Tornado Survival Tips


| 5/2/2014 8:40:00 AM


Tags: tornados, natural disasters, emergency preparedness, Matthew Stein, California,

tornadoDarden describes a family of five who lived on a farm outside of Higdon, Ala., a small community in the northern part of the state. They had no storm shelter, but they did live in a home that he says was well built.

On Saturday, Darden and a partner visited the family. "The mother and three daughters were there at the time," he recalls. Looking at the wall-free ground floor — all that remained of the home—"I introduced myself and said: Thank God y'all were not home. "Her response? "Oh, we were here." With no storm shelter and nothing but a slab foundation left, "I really thought she was joking," he continues. "I asked: Where were you at?"

She led the two men to a spot on the storm-swept slab, where nothing but a small patch of hardwood flooring and a scrap of carpeting remained — parts of each pulled up by the tornado. The rest of the flooring vanished into the vortex and hasn't been found. The patch is all that was left of the interior hallway in which the family huddled. "They were not touched," he says, in a voice tinged with amazement. "They were not sucked up. They didn't have a scratch on them."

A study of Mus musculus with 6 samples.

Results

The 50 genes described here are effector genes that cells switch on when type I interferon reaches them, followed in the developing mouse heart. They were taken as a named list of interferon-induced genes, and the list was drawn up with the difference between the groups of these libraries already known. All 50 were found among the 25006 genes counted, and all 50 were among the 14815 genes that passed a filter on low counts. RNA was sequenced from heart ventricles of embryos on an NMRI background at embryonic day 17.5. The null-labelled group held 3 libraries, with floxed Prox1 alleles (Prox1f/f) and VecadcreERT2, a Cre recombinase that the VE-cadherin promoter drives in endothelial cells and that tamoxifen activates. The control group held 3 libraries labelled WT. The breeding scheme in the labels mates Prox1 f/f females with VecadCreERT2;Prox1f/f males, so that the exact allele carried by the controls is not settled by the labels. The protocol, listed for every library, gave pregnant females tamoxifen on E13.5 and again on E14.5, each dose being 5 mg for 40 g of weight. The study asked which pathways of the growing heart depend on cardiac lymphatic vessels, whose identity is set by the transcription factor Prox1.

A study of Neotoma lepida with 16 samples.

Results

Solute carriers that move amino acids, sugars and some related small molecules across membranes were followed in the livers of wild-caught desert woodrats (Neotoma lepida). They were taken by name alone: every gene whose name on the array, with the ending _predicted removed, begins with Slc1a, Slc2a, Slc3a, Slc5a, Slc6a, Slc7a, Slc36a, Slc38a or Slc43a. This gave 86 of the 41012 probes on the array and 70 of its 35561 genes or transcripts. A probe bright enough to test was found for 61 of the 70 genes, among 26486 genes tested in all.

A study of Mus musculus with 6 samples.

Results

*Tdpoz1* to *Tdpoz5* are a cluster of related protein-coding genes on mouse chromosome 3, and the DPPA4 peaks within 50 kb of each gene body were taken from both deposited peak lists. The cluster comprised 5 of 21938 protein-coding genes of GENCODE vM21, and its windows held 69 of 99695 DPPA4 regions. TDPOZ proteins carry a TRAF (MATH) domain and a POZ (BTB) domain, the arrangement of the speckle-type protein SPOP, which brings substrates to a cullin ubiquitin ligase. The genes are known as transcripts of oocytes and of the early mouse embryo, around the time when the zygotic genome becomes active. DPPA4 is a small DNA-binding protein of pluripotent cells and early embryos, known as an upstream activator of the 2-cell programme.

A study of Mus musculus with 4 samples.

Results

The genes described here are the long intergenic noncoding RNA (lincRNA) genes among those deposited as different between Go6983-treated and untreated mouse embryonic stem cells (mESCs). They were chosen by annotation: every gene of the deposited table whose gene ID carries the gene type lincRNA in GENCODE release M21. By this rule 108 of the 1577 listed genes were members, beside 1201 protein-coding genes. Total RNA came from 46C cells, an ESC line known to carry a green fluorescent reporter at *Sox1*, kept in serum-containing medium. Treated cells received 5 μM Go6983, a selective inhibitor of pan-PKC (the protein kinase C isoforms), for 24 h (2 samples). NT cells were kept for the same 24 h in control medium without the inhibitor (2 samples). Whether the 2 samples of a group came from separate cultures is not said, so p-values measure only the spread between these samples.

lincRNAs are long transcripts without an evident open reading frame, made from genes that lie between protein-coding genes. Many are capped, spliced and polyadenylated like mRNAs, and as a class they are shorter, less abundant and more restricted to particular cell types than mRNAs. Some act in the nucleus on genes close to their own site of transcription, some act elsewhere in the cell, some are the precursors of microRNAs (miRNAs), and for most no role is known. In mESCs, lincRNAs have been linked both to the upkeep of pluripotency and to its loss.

— Pete Spotts, “Lessons From the Wreckage: How Alabama Could Help Tornado Preparedness,” Christian Science Monitor, May 4, 2011

With thousands of flattened homes and numerous devastated communities in the aftermath of this week's widespread tornadoes, and roughly 1/3 of the population of the United States under a tornado watch today as storms continue across the Midwestern and Southern states, the following tornado safety and survival tips could help save some lives! Though nothing can guarantee absolute safety in the path of a tornado, outside of a shelter with reinforced concrete and steel walls, understanding something about the nature of tornadoes, safety tips for surviving a tornado strike, and which common folklore is to be trusted or ignored, will improve your chances for making the right decision if that day should come when you are confronted by an approaching tornado.

Tornado Facts and Myths

• It is commonly believed that tornadoes happen mostly in the spring, but the peak of tornado season varies with location, and tornadoes can occur any month of the year. For example, the peak of tornado season in the northern plains and upper Midwest is June or July but it is from May to early June in the southern plains, and even earlier in the spring for the Gulf Coast.